Deep Learning: Potential and Opportunities for Insurers
By Roland Guglielmi, Chief Data & Analytics Officer, QBE North America
Deep learning describes a type of machine learning algorithm that uses multi-layered neural networks. With these algorithms, machines can learn new skills as they operate, such as how to recognize images and understand specific patterns in speech and unstructured text, among other applications.
Specifically, models known as Convolutional Neural Networks (CNNs) were developed and applied to computer vision applications in autonomous vehicles and robots. In recent years, CNN technology has been successfully adapted to text processing. Although proprietary versions of the software are available from vendors (e.g., IBM), open source versions of the software are also readily available to data scientists.What makes CNNs unique is that they learn to spot features on their own through training. CNNs were made possible by the tremendous progress in Graphical Processing Units and parallel processing in the past decade. The internet has also made a profound difference by providing virtually unlimited training sets of digital images, videos, and text to feed CNNs’ insatiable appetite for data.
Deep Learning Has Already Started to Disrupt the Insurance Industry
What makes CNNs unique is that they learn to spot features on their own through training
With huge volumes of structured and unstructured data coming in from a variety of sources including web-scraping, third-party databases and the Internet of Things, insurers can use deep learning not only to assess signals contained in unstructured text and images but also to recognize patterns and draw conclusions related to risk.
The state of science and technology, meanwhile, is continuing to evolve and become more powerful in automating insurance processes. The insurance industry is beginning to see deep learning as especially useful in managing claims because it can help insurers not only assess claims at high speed but identify anomalies indicating potential claims fraud. A machine that can recognize patterns in fraud could help companies ferret out false claims and determine payouts for legitimate claims faster and more accurately.
Potential applications for deep learning being explored by insurers include image recognition for auto claims (and other functions for the driverless car), customer service functions for maximizing cross-sell and up-sell opportunities with real time personalized offers, and actuarial functions for improving product pricing and modeling catastrophe risk.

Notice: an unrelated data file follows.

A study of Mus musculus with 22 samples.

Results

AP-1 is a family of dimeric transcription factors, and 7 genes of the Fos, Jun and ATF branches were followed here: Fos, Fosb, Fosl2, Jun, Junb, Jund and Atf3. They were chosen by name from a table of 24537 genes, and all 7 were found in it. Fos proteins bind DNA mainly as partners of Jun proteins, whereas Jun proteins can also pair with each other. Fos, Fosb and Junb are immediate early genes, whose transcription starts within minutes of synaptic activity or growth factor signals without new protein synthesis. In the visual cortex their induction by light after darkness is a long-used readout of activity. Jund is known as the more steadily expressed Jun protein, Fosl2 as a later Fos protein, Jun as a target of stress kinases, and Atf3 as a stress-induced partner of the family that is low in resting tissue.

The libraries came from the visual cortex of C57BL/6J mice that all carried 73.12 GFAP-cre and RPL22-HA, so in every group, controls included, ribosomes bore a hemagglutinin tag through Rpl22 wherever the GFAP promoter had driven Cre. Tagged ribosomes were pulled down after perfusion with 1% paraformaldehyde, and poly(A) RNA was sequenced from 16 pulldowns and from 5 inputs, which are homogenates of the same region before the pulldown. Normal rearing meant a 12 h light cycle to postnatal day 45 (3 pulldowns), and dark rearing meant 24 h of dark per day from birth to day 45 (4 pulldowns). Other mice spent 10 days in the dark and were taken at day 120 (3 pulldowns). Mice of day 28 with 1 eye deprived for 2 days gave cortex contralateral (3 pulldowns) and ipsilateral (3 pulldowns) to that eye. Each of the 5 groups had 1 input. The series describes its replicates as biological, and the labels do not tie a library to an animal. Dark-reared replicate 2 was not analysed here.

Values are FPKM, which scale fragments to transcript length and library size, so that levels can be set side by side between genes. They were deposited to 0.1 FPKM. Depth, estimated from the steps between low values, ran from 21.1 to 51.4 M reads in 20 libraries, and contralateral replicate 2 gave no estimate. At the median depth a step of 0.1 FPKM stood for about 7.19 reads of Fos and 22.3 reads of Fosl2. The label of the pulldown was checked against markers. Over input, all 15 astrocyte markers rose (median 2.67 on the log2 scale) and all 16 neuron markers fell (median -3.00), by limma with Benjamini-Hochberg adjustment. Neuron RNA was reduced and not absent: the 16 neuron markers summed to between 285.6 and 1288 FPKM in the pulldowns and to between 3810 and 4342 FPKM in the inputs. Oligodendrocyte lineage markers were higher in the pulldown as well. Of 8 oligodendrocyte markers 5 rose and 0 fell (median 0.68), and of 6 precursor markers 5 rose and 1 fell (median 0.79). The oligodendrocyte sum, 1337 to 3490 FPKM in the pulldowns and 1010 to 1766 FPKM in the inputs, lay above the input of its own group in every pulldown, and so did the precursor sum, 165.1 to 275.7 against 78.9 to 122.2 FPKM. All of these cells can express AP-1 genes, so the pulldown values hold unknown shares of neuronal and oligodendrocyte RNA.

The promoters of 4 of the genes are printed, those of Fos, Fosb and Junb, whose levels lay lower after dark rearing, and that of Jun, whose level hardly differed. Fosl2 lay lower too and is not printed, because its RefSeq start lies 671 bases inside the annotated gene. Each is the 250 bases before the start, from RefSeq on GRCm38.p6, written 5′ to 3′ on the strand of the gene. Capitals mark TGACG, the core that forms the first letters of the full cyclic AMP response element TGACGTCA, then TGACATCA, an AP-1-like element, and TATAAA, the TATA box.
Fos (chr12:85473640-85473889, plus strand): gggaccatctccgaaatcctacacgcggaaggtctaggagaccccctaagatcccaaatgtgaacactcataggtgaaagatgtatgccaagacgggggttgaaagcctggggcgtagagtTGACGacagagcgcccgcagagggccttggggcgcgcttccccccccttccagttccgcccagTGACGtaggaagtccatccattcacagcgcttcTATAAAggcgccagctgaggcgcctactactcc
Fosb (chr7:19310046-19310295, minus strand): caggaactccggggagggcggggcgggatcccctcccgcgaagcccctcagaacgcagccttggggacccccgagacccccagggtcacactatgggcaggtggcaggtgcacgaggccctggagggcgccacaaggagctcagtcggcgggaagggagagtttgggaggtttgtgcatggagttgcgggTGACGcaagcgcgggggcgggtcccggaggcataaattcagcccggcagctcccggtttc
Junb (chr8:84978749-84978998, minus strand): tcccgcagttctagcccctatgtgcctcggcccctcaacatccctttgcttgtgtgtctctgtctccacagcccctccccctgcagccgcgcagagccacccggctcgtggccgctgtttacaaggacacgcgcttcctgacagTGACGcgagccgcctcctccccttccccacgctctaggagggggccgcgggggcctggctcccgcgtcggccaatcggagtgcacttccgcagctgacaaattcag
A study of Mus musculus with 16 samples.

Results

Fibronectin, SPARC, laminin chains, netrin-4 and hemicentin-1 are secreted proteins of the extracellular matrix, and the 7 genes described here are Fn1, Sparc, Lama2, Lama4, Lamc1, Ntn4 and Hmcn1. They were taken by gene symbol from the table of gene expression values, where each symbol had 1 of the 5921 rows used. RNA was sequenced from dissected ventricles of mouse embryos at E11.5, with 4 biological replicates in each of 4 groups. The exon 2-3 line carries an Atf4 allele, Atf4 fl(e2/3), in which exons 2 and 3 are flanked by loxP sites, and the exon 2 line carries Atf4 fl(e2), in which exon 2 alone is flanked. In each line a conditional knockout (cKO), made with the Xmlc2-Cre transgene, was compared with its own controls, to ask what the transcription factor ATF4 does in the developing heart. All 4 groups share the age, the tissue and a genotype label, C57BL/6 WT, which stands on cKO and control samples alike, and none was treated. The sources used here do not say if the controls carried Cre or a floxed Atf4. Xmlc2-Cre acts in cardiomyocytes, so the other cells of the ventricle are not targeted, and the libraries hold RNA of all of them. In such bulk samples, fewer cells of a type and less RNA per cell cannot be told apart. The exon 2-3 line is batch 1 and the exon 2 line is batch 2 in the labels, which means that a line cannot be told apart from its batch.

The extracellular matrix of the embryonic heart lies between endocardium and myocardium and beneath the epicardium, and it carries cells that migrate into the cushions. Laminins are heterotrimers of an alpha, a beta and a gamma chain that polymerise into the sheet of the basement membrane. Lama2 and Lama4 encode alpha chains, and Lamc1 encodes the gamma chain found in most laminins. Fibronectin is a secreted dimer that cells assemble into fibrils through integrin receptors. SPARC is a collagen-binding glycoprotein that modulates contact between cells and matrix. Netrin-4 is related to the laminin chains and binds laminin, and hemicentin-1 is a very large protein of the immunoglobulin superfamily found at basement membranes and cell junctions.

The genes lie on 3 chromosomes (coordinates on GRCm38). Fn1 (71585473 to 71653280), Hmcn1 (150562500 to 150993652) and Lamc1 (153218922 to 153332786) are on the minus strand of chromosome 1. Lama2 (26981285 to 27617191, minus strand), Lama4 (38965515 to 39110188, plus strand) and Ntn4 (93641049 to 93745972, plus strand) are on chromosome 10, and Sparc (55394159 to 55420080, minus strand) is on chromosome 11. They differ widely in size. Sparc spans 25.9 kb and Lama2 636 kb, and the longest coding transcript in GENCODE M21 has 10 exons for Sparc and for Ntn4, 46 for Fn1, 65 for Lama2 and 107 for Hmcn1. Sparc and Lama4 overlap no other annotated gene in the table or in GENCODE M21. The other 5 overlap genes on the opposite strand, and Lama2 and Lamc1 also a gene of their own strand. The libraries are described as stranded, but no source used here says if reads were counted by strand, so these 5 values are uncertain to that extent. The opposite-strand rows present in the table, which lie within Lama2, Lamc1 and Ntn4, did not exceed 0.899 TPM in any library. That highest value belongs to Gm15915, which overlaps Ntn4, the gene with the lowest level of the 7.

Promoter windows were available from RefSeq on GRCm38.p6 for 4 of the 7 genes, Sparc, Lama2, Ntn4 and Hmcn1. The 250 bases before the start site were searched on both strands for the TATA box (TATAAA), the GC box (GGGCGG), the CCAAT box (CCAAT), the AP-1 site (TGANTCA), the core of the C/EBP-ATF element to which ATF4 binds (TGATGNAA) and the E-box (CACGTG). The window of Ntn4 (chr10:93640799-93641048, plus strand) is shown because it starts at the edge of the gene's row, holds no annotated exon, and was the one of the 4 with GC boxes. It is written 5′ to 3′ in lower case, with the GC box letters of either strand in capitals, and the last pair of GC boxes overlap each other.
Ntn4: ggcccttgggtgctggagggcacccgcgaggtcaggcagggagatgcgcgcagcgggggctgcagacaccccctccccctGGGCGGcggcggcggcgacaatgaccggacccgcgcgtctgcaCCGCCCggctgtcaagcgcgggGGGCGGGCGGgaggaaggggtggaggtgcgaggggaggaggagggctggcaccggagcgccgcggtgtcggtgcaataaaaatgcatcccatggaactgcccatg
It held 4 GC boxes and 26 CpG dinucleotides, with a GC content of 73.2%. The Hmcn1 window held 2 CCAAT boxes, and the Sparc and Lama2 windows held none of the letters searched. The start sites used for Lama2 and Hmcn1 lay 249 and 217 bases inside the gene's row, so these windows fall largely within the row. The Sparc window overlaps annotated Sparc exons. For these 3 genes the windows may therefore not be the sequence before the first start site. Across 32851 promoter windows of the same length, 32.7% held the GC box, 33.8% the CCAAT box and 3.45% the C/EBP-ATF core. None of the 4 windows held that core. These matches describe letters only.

Early stage results using CNNs and Deep Learning to create anti-fraud models are especially promising. Comprehensive testing has demonstrated that these CNN models provide a significant improvement in predictive power when compared to existing models currently in use. Another unexpected and extremely powerful feature of CNNs is their generality and robustness.
One of the main challenges in using CNNs (as well as machine learning algorithms in general) is the relative lack of transparency in providing detailed explanations for the prediction. This can be a serious limitation in rolling out these models, as experts need to understand why some claims were singled out for a fraud alert and not others in order to conduct the necessary follow-ups. In our experience, the development of reason code engines is still in its infancy and we encourage additional research to ensure that these algorithms are ready for prime time in the industry.
Considering technology’s progress to date in computer vision, future applications could include severity estimation for auto and property claims based on accident photos (auto-adjudication). CNNs have now evolved into Recurrent Neural Nets (RNNs) that might be better adapted to text mining because they can identify sequential relationships in unstructured data. For example, the time and order of the text and information captured may have predictive properties. These algorithms have the potential to improve the accuracy of predictions.